A vigil was held Tuesday night to honour one of two people killed in a stabbing rampage that happened Halloween night in Quebec City.
François Duchesne, 56, was the director of communications and marketing at the Quebec national fine arts museum, the Musée national des beaux-arts du Québec, where the vigil took place.
Friends and co-workers described him as enthusiastic and approachable.
“He was coming (up) with new ideas to link with the city, to link with citizens. He was very close to people. He would come meet visitors in the restaurant and in the boutique. He was very hands-on — a very accessible, generous person,” said Annie Gauthier, the museum’s director of collections and expositions.
Duchesne lived in the old Quebec neighbourhood, where the attack happened. One of his in-laws explained how much he loved it.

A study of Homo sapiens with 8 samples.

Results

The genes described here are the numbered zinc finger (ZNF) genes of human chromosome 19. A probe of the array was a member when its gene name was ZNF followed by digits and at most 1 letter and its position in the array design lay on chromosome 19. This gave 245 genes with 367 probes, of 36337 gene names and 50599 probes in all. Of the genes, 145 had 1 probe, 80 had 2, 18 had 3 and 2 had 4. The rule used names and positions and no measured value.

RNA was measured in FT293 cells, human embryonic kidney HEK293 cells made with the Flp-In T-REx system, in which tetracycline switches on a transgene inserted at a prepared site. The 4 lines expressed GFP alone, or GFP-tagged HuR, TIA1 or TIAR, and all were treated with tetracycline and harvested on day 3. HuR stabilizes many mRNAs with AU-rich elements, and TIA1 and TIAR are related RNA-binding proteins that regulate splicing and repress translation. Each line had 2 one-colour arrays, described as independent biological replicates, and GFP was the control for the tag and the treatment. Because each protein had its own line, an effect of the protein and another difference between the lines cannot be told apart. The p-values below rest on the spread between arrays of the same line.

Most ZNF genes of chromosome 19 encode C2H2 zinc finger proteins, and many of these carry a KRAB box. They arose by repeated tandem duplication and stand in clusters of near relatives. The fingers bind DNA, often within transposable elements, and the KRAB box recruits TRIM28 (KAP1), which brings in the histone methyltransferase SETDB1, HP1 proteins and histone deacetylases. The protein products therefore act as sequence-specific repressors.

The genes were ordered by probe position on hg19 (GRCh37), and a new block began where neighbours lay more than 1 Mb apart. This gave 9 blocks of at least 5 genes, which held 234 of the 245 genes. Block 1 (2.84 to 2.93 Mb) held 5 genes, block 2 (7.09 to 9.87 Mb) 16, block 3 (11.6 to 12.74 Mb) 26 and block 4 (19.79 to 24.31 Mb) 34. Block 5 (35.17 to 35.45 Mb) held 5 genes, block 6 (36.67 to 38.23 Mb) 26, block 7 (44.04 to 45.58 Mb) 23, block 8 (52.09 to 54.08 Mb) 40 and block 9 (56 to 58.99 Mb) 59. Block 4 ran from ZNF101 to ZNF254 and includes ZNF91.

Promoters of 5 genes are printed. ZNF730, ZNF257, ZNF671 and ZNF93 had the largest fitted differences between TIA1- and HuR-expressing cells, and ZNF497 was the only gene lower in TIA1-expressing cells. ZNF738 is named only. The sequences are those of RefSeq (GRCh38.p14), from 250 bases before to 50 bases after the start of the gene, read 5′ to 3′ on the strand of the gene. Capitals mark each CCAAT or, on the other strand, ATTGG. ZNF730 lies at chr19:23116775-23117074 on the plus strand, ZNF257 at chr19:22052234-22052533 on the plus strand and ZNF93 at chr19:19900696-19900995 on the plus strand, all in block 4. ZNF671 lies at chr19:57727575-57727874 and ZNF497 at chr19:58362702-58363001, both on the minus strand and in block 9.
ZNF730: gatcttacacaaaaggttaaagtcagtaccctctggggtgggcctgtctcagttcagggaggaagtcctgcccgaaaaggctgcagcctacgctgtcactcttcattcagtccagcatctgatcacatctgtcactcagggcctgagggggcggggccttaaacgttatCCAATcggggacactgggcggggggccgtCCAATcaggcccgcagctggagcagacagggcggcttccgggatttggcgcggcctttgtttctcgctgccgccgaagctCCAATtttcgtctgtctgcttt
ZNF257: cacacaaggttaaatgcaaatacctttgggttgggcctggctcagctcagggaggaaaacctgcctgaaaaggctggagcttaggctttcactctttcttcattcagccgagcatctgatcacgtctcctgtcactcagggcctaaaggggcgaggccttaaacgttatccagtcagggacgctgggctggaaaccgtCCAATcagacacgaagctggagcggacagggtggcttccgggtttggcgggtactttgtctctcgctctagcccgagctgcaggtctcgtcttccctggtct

“François loved Quebec City,” said his brother-in-law, Denis Blouin.
“He loved to walk around the Chateau Frontenac. He (loved to) take pictures,” he said. “He was at the wrong place, just for a split second. Once you know the story, it’s really hard to believe. One second before, or one second after, he would still be with us.”
Quebec City Mayor Régis Labeaume and other politicians were present in the crowd. During a press conference late Monday afternoon, Labeaume said that Quebec City is still in a state of shock.
The National Assembly also honoured the victims’ memories Tuesday afternoon with a minute of silence.
A similar vigil was held Monday evening in honour of Suzanne Clermont. The 61-year-old hairdresser had stepped outside her home on Des Ramparts Street on Saturday night and came face-to-face with the assailant, who has been identified as Carl Girouard.
Five other people were also injured and are recovering in hospital.